Secrets Behind Your Grocery Store’s Layout

In this guide, we’re going to tell you some things that people don’t realize or even think about (including store owners) when it comes to your grocery store. The layout of how you do things is one of the most important things that aid customers. You have to literally write out how the process of a customer shopping would go if your store is laid out. What if a customer wanted to come in and get some veggies, then meat, and cheese? Do you want it all together? Probably not. You want them to see your entire store as much as possible, but be able to make a grocery experience that they’ll get used to and remember.

Impulsive Decisions

Many customers will literally come into the store with a list, and if you play your cards right with your layout, you’ll notice that the three things they needed to grab isn’t all that they grabbed. They’ll often use impulsive spending to get other things because they saw them on sale, or on an end-cap on the way to get an item. Things like this matter a lot.

Add a Flower Display

Flowers make the store appear to have more than just groceries, because well, they have flowers. They can see fresh flowers (you want to keep them fresh), as soon as they come into the store (they should be just inside the doors by the way), and think of the word fresh and crisp, clean, etc.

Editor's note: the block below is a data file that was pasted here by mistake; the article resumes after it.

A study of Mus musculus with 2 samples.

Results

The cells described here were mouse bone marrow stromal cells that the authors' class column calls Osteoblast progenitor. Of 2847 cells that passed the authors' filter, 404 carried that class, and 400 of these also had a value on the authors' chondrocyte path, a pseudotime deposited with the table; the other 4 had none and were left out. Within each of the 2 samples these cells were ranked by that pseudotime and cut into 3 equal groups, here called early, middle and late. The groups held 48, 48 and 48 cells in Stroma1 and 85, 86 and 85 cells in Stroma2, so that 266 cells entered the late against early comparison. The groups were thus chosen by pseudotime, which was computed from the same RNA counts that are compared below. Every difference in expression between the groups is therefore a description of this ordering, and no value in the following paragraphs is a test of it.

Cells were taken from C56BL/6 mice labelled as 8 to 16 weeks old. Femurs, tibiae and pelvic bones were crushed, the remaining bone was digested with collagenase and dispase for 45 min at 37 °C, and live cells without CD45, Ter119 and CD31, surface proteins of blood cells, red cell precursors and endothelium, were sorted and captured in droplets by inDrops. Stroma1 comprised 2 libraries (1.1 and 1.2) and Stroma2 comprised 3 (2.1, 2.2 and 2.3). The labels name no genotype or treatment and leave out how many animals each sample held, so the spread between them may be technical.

You want your produce past the flowers. Maybe you’ll want it on one side of the store, and here’s why. If you have flowers, having produce near it refreshes their mind of the word fresh. At the same time, if you don’t have flowers, they think fresh when they walk into the store and start looking around, then find the fruits and vegetables close by.  You will also want to make sure you have attractive Lemontree produce displays.

Vendor Items

Laying out vendor items, from snack bags of chips, to beef jerky, candy, and even bottled soda, milk, water, etc. is a very big role. Even if you use displays that are special and too large to put them at the register, have them relatively close. This is crucial for some last-minute impulsive spending that a customer can have, and they just might indulge in getting themselves that good chocolate bar.


Endcaps are at the end of the aisle. They’re used most often to advertise new products, popular products, or they’re a great way to put a product that’s on sale as you’re trying to get rid of inventory. Most of the time people will grab more off of the end of the aisle as they walk by as compared to going down the aisle the product is in, especially if it’s out of their way.


Meats and other products (including dairy) should be all along the back of a grocery store. Why? Because then a customer has to go further to get something, there’s more of a chance that they’ll buy something that they don’t need, but want. This makes a great place to have advertised endcaps and more.